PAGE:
Lawton acres to remain unsold

Aug 7, 2017

 

The Buchholz-James family poses for family pictures in a field of wildflowers along the Kenai Spur Highway on Monday. Above, Carole Buccholz, of Soldotna, hoists granddaughter Olivia while photographer Shawna Shields of Narrow Road Productions captures the shot. Below, Kristina James coaxes her daughter to smile for the camera.
Credit Redoubt Reporter

 

 


 

A piece of property along the Kenai Spur Highway has been the cause of a lot of angst for Kenai residents since an offer was made to begin developing the lot last year. Some are feeling some relief following a council decision about the property last week.

The question of what to do with Lawton Acres in Kenai has been settled. Sort of. For now, anyway.  At last week’s city council meeting, a third public hearing was held about an ordinance that would allow the city to buy the 16 and a half acre parcel for $600,000.

 

Initially, the whole discussion got off the ground because of an unsolicited offer to build a dentist’s office on a portion of the property along the Kenai Spur Highway. That offer has since been pulled off the table, but feelings are strong about how or when that plot should be developed.

“This is a piece of property that’s been zoned conservation since 1984," said Kenai resident Lynette Nickens.  She lives in the neighborhood that has for years regarded Lawton acres, which is actually a part of the airport’s land, as a kind of buffer from the highway and commercial development.

“It is not being used by the airport. The airport can get revenue from some other land. Their concern is loss of an asset. The answer is to appropriately compensate them with money or land. It’s not to put a dentist’s office on Lawton acres," Nickens told the council.

That conservation tag spurred some debate. Over the years, as the plot has been left mostly undeveloped, it’s become home to the Field of Flowers and is now generally regarded as, if not a full-fledged park, some nice city green space.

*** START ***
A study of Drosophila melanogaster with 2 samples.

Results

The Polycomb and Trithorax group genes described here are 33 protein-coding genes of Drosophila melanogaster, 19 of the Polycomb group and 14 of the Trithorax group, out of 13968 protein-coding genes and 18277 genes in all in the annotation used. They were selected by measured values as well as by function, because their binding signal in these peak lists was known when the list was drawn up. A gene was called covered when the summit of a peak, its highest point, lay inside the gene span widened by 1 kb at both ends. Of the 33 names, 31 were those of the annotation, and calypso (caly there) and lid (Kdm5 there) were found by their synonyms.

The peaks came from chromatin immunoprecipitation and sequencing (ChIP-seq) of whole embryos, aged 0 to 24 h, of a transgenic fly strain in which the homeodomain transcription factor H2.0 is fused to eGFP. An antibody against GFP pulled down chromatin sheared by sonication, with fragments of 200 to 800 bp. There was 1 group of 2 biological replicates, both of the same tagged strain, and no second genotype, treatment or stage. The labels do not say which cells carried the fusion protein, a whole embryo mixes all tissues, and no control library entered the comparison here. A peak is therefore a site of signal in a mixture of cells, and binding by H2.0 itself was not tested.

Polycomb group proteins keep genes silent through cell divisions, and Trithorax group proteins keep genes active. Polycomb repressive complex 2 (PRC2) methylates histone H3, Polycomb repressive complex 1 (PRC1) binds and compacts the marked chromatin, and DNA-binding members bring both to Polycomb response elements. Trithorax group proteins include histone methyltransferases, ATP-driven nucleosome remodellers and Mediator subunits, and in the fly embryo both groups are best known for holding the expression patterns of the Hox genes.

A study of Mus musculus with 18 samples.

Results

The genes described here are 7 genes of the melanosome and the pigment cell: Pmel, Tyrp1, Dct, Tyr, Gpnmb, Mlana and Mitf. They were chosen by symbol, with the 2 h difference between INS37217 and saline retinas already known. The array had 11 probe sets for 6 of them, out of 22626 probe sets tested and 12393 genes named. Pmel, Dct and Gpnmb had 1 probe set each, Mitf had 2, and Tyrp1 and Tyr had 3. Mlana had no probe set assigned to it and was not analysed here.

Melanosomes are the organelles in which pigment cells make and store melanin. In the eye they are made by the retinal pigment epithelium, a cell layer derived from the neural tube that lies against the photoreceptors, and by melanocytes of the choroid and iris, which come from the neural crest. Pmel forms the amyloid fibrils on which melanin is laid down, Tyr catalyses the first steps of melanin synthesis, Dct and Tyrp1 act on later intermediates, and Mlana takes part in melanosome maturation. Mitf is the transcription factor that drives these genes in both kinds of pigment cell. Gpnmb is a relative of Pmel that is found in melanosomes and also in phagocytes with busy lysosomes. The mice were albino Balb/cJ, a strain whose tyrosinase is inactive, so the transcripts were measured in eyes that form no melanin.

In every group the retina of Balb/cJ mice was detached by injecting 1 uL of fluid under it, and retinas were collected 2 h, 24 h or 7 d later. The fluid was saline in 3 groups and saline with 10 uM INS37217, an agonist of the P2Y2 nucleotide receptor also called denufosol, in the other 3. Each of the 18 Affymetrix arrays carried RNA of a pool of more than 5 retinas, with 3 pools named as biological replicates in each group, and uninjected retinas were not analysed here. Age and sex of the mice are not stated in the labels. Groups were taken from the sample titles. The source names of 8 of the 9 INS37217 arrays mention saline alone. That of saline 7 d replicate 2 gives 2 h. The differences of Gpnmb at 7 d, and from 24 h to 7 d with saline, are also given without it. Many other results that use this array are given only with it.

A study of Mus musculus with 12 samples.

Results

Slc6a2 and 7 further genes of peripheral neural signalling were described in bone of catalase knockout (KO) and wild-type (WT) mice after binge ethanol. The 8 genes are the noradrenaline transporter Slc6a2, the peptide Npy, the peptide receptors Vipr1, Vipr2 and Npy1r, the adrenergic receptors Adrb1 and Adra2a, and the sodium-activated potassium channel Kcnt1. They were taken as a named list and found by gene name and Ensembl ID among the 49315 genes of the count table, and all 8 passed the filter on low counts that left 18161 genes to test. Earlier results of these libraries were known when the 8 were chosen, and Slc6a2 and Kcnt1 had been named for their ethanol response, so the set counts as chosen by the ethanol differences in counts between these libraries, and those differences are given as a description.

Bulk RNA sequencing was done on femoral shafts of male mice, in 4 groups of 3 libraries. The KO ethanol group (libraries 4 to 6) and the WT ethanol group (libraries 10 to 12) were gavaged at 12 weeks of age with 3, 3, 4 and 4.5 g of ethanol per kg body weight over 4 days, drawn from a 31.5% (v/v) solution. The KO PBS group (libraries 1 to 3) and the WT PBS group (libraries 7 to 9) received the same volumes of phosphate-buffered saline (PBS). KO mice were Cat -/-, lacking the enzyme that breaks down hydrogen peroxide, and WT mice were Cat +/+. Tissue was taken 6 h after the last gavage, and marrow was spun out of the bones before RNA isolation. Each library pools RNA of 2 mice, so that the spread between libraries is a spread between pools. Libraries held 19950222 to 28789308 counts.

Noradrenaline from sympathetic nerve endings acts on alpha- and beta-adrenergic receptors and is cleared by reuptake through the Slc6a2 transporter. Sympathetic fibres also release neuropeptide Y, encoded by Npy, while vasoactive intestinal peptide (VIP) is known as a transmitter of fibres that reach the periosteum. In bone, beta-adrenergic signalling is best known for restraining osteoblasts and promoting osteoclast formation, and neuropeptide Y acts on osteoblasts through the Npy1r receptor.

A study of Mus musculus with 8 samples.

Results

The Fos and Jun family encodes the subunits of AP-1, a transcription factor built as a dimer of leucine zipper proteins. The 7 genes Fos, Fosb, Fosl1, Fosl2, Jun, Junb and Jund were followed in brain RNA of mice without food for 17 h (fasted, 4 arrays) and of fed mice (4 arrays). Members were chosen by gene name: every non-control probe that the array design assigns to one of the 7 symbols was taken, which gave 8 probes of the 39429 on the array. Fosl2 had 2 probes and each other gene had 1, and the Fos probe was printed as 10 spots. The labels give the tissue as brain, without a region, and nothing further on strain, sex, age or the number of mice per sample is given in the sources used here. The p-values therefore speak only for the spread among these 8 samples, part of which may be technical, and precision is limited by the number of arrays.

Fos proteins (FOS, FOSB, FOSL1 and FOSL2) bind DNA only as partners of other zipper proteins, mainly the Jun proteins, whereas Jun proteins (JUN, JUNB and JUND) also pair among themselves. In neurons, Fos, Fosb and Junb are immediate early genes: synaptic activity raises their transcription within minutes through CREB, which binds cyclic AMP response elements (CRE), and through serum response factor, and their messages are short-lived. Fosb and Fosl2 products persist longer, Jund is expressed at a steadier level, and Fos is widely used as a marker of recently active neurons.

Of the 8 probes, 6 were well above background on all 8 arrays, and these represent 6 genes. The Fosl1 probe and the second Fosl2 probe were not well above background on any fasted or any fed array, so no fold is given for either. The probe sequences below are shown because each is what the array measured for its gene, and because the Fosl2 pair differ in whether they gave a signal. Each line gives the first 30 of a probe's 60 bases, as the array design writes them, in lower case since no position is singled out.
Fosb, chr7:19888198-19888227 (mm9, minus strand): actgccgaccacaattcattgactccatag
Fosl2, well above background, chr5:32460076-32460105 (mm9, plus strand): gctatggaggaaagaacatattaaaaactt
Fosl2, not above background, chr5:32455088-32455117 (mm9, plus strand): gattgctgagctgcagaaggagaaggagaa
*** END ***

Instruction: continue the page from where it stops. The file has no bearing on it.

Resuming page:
But conservation meant something different to the airport commission 30 years ago. Glenda Feeken chairs that commission now.

“Conservation meant it was being conserved for future use. I don’t know how it evolved into the conception of a park, I think it just came along the way. But in reality, it belongs to the airport, it’s there to fund the airport. We’re not a state-owned airport; we don’t get funding from the state, we have to row our own boat, we have to have our own money.”

And the $600,000 the city was thinking of plunking down isn’t a good deal, according to some. Council member Henry Knackstedt said even if that figure is a relative bargain, it’s just not a good time for non-essential purchases.

“To my knowledge, there aren’t any other plans for the purchase of the property. The city/airport has had it since 1963, ‘64. It’s there today, it was there last week, it’s going to be there for some time. I just don’t see anything happening. It sounds like, again, we’re kicking the can down the road, however I think just financially speaking, it’s not the prudent thing for this body to do, to spend those funds right now.”

And most of the council agreed. The ordinance was defeated by a five to one vote, and the status quo will remain, at least for now.